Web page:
We can't blame our parents entirely for being near-sighted or can we? In addition to genetic factors, there are many environmental factors include near-work (reading, computer use, Ipad/Iphone use), limited outdoor activity, living in urban vs rural areas, and education. For many years, I have encouraged my patients to take breaks from computers and reading and do more outdoor activities. But..How can we compete with others in school and get in the Ivy league schools without spending hours in front of books/computers and memorizing the encyclopedia/wikipedia? Having a balanced life is important. I find that I feel so much better after taking a little outdoor break, even if it is just a walk or short hike. There are more and more studies supporting the more time spent outdoors help with preventing myopia. The good news is that I am seeing a trend of parents encouraging their kids to participate in outdoor activities.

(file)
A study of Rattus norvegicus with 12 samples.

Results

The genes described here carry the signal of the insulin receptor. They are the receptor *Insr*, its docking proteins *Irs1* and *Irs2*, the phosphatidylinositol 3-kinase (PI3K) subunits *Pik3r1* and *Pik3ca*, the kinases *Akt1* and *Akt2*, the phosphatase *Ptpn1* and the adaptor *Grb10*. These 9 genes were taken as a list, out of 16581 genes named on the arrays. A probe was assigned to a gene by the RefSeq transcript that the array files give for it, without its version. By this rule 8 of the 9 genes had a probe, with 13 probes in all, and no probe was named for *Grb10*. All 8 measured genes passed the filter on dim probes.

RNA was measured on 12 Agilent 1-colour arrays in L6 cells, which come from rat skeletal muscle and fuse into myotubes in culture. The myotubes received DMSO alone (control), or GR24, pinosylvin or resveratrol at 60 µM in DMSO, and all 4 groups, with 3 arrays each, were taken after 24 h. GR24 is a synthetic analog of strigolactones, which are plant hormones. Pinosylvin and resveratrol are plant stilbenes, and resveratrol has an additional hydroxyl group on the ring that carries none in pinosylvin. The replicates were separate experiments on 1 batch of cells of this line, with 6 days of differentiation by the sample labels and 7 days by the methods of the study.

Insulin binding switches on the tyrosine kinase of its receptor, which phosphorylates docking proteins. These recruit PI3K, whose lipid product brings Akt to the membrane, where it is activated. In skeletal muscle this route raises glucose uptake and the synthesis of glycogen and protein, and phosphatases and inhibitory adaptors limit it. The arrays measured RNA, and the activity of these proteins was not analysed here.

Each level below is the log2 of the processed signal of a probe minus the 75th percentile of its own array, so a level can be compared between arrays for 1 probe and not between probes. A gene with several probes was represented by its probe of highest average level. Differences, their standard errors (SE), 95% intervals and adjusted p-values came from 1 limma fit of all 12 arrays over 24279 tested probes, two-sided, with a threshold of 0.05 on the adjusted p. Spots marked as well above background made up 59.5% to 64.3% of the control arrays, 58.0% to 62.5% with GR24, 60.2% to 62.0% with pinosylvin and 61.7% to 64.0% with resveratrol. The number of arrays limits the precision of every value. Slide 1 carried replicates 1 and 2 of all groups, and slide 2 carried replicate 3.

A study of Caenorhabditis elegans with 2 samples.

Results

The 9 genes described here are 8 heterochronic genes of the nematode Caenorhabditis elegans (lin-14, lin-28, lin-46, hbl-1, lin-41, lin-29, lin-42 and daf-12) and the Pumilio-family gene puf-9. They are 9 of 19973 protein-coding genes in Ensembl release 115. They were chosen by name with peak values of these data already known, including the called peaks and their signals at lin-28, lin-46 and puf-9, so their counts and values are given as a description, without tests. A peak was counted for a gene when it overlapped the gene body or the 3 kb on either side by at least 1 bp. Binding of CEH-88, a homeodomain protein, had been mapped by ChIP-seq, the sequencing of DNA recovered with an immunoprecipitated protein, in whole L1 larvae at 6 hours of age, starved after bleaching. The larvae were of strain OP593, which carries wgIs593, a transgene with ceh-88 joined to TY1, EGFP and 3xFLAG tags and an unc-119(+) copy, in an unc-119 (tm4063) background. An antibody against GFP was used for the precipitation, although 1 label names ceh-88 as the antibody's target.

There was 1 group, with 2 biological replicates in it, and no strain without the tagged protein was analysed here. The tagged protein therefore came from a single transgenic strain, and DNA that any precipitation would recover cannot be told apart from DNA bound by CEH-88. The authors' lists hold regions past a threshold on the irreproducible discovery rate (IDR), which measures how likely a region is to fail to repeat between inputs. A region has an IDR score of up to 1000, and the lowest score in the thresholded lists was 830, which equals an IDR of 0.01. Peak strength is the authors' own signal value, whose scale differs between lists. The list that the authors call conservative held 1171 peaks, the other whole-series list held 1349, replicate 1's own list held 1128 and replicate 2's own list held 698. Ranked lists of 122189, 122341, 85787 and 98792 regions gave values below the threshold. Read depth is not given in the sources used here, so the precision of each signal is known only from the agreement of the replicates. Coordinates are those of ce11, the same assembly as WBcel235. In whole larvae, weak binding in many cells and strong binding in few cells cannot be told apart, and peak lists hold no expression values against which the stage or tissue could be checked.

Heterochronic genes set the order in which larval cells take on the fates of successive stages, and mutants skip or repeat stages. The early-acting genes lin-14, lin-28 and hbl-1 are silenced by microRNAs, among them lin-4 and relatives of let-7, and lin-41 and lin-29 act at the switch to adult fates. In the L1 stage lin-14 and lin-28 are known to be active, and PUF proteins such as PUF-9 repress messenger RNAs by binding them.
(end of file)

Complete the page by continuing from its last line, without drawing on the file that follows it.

Plan a trip outdoors, go hiking, go to the beach before school starts!
Researchers at the University Medical Center in Mainz, Germany examined nearsightedness in 4,685 Germans ages 35 to 74, excluding anyone with cataracts or who had undergone refractive surgery. The Gutenberg Health Study showed that myopia appeared to become more prevalent as education level increased:
- 24 percent with no high school education or other training were nearsighted.
- 35 percent of high school graduates and vocational school graduates were nearsighted.
- 53 percent of university graduates were nearsighted.